As Pope John Paul II wrote, divorced and remarried people should 'not consider themselves as separated from the Church, for as baptised persons they can, and indeed must, share in her life.'

No human situation is outside of the Lord’s grace, and holiness is to be found in the concrete circumstances of our lives. In many instances, the declaration of the Church tribunal will enable the validation of an irregular marriage.

When validation is not possible, however, there can be real suffering for Catholics who are divorced and remarried and who accept that they are not free to receive Holy Communion. Those people who conscientiously decide that their present situation is incompatible with receiving Holy Communion can be seen to demonstrate an heroic fidelity to God’s presence in their current situation.

They challenge the rest of the faithful to reflect on their preparedness to receive Communion and on the importance of not taking the Eucharist for granted. This fidelity, like all fidelity, will not be without its eternal reward. In fact, such fidelity will often attract graces needed to find a way to be reunited with the Eucharistic family.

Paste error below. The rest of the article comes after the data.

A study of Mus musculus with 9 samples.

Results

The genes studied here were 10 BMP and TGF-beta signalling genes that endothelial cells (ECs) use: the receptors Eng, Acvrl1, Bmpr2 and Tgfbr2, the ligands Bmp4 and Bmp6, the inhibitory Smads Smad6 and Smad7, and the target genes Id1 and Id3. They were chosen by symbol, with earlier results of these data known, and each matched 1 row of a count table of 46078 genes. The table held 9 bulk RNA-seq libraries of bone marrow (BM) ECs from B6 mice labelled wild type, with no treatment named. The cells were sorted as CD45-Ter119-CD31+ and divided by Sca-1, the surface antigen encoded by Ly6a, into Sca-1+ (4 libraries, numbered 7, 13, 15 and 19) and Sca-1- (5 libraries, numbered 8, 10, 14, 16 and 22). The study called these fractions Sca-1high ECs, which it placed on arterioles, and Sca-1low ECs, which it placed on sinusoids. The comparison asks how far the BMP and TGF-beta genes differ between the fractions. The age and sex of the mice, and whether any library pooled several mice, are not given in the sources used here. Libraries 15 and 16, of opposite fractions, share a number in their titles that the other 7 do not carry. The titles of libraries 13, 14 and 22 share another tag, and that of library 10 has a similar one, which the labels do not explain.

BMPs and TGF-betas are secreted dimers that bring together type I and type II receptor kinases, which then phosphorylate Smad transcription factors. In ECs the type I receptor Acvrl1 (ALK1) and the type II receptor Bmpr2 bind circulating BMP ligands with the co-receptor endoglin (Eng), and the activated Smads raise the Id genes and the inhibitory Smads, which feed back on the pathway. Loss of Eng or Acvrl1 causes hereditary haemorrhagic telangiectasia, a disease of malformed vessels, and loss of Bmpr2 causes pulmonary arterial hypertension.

The Catholic Church recognises that as a community we must be sensitive to the situation of those who are separated, divorced and/or remarried, seek to support them in appropriate ways and, in many cases, to learn from them. We also need to recognise that to a greater or lesser extent we all have brokenness in our relationships. We all are in need of repentance at different times of our lives.

In many cases, those who are grappling with failed relationships are an inspiration, and demonstrate courage and commitment, to the rest of the community. We encourage them to persevere in prayer, penance and love for God and neighbour, to come to the celebration of the Mass and to Eucharistic adoration, and to participate in their parish community.

As Christ calls them – and all Christians – to an everdeeper conversion, repentance and pursuit of holiness, we stand with them in prayer and solidarity.

Concluding Comments

The Bishops of Australia exhort all pastors and faithful to support in every way pastorally possible those who are divorced, and to encourage them to the fullest possible participation in the life of the Church consistent with their state in life.

The Church assures them of the continuing love of Christ and his desire for an ever-deeper communion with them.